If you spend any time on social media, chances are you may have seen a meme or viral post about walkable cities recently. One of the more popular memes shows pedestrians walking along narrow strips of concrete alongside a massive ravine criss-crossed by wooden planks, to represent sidewalks and crosswalks, respectively. The ravine is meant to represent the space lost to motor vehicles, cruelly stolen from pedestrians and handed over to the driver.
Ahh, the driver. Perhaps the quintessential image of the 20th century is a person operating an automobile. There's something magical about early pictures of drivers, in their Fords and Chevrolets, experiencing for the very first time the sheer joy of a roaring motor and an open road. The driver of yesteryear is an adventurous figure. A pioneer of sorts, exploring the possibilities of speed, of man in union with machine, his pedals and steering wheel an extension of his own body.
Today, we still, at times, romanticize the race car driver, in film and on television. But the regular driver, the common driver, has come in for some serious criticism. It is the opinion of some that the solo driver is, by nature, selfish. They take some space, and, as it goes in the argument for "walkable cities" they steal the road from pedestrians.
The supporters of the walkable cities movement often post pictures of cities before the introduction of motorways, idyllic scenes of pedestrians crossing streets without fear of speeding vehicles, antiquated garb and sepia tone distracting, perhaps, from the thought of the smell of horses and the glum slowness of it all. One worries, seeing this tendency toward overt nostalgia, that this tendency of thought will lead us back to before the invention of the wheel, when we lived in caves and didn't know how good we had it.
And yet, as one looks at the sobering statistics around pedestrian deaths in motor accidents, it cannot be denied that the proponents of walkable cities have a legitimate point: cars are dangerous, motorways do take up significant space, and pedestrians in some cities have been dealt a difficult hand. No one should have to feel unsafe or encumbered upon by or as a result of vehicular traffic, and there ought to be a middle ground between a totally unsafe, pedestrian-hostile city and one that bans cars completely. What does that look like?
A Problem In the Process of Solving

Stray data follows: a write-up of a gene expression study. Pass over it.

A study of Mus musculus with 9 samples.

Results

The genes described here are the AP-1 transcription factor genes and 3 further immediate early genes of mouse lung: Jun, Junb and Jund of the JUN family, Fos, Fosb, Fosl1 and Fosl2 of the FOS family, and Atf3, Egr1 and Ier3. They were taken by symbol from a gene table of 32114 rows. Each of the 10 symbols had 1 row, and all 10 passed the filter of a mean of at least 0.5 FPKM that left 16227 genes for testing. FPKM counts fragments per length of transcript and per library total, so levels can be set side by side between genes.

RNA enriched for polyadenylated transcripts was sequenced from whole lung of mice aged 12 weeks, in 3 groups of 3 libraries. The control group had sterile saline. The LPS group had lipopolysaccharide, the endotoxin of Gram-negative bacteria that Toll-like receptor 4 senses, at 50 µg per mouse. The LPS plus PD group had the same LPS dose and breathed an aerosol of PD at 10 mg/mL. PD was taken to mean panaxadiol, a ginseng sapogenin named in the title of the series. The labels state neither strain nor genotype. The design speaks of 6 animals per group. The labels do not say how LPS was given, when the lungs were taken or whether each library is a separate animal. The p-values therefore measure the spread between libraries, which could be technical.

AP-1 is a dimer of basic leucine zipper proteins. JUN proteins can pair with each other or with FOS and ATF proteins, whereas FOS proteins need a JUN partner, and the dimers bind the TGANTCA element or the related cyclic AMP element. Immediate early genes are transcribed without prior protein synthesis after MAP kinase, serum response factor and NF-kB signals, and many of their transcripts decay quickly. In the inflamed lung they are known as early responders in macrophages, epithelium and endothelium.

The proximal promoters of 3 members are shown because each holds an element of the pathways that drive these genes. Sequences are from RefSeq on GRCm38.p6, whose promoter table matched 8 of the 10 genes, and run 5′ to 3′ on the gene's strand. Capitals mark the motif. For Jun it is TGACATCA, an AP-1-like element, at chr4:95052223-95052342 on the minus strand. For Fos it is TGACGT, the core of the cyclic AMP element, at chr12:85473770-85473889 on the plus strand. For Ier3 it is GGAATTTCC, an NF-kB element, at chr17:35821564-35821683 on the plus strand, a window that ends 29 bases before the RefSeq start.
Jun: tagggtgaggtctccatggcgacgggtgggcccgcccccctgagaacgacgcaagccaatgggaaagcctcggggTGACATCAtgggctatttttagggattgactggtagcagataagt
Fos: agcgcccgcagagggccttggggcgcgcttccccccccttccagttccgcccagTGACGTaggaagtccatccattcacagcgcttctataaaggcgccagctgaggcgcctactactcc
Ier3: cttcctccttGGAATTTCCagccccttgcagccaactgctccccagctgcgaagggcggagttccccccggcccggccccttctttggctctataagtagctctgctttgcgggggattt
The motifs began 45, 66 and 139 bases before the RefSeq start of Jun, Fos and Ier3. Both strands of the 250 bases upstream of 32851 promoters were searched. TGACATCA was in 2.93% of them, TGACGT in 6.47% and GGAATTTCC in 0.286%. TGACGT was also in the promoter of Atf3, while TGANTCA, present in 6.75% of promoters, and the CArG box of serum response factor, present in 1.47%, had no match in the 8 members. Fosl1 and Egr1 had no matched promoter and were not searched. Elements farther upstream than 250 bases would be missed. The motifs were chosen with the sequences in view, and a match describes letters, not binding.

In many ways, the problem of unwalkable cities has been solved. What's left now is the implementation at scale across more cities. Simply put, more areas need more sidewalks with more crossings and crossing lights, better signage, and more refined delivery of information to pedestrians and drivers alike. Traffic systems, in many ways, are also information systems. Delivering that information to all parties involved in a traffic system in the most effective way is a key piece of the puzzle for traffic engineers, and it's something that we already see happening with ever-increasing efficacy in big cities in the United States.
True, all of these systems could be better. But factually, we cannot say that traffic systems as they are today completely disregard pedestrians and favor drivers; on the contrary, there have been many innovations to improve pedestrian safety over the years, and that goes beyond traffic signage and timed crosswalks. The technology in the vehicles we drive, from automatic braking to back-up cameras, continues to make both pedestrians and drivers safer.
So, rather than attempting to upend the apple cart and radically alter the way we build cities and design roads, we should perhaps focus more on improving the existing systems to the best of our ability and continuing to make cars safer. That is a more realistic and achievable proposition than making major urban areas car-free zones.
There are many instances where the hazards facing pedestrians and drivers are increased due to special circumstances, such as roadside construction, big events, and emergency situations. A company like Traffic Safety, which specializes in providing traffic services to manage the flow of traffic, designing detours, and providing road safety equipment, can play a critical role in keeping pedestrians and drivers safe during these circumstances.
It's one more way that traffic safety plays a role in our daily lives. By continuing to hone in on ways to protect drivers and pedestrians alike, no matter the circumstance, we will make cities more walkable — and drivable — for everyone.